I gave a talk in church today. My mom came and listened, and I came home and asked her about it, and she said I needed a story in there sometime.
I agree. I remember the talks with stories. The scriptures are full of stories. Stories teach and last.
Here’s an example:
A couple of years ago a humor columnist for a local newspaper wrote on a serious and thought-provoking subject. I quote from this article: “Being a go-to-church Mormon in Utah means living so close to fellow ward members that not much happens that the entire congregation doesn’t know about in five minutes tops.”
He continues: “This kind of cheek-to-jowl living can be intrusive. . . . It also happens to be one of our greatest strengths.”
The author goes on to say: “At work on Tuesday, I caught the noon news broadcast on television. A van had been obliterated in a traffic crash. A young mother and two small children were being rushed to emergency rooms by helicopter and ambulance. . . . Hours later I learned that the van belonged to the young couple living across the street from me in Herriman, Eric and Jeana Quigley.
“Not only do I see the Quigleys in church, . . . we ate dinner with them at a neighborhood party the night before the crash. Our grandkids played with daughters Bianca and Miranda. . . .
“Fourteen-month-old Miranda suffered serious head injuries and died three days later at Primary Children’s Hospital.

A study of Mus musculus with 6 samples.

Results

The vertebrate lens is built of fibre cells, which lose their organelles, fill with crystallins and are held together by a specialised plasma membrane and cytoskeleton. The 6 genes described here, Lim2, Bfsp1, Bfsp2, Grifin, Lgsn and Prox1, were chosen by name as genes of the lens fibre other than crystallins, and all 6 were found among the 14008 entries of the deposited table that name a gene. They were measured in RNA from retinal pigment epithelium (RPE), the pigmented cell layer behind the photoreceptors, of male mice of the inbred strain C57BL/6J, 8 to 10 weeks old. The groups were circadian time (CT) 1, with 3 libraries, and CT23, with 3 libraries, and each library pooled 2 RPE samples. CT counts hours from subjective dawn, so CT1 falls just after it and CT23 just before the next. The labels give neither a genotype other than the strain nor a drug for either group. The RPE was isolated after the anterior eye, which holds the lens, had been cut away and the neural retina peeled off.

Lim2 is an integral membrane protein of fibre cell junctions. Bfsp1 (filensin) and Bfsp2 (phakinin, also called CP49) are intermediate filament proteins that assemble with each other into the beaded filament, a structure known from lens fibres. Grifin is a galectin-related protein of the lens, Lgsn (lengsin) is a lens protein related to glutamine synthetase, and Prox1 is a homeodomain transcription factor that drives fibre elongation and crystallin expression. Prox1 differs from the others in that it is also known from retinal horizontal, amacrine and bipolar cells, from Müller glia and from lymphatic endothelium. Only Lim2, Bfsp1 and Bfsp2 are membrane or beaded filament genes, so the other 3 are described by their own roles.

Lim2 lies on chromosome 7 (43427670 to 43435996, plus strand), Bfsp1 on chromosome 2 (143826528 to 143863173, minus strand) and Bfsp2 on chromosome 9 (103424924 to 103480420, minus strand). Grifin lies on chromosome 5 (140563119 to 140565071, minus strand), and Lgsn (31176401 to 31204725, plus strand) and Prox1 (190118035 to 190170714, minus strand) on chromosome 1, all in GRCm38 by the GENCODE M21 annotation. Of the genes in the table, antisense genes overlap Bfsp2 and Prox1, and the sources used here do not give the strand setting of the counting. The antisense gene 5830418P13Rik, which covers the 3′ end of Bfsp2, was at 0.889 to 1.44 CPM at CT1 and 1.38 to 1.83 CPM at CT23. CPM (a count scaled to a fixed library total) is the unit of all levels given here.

“Here’s where all that nosiness . . . pays off. Although the accident occurred several miles from home, the dust literally had not settled before someone from the ward stopped and was pulling through the wreckage. The rest of the ward knew about it before the cops and paramedics showed up.
“Ward members went to all three hospitals, contacted Eric at work, and organized into labor squads. People who didn’t get in on the immediate-need level were frantic for some way to help.
“In 48 hours, the Quigley yard was mowed, home cleaned, laundry done, refrigerator stocked, relatives fed and a trust fund set up at a local bank. We would have given their dog a bath if they had one.”
The author concludes with this insightful comment: “There is a positive side to the congregational microscope my ward lives under. . . . What happens to a few happens to all” (“Well-Being of Others Is Our Business,” Salt Lake Tribune, July 30, 2005, p. C1).
That’s from an address entitled “Enduring Together,” by Bishop Richard C. Edgley.
Stories like that make me want to be better.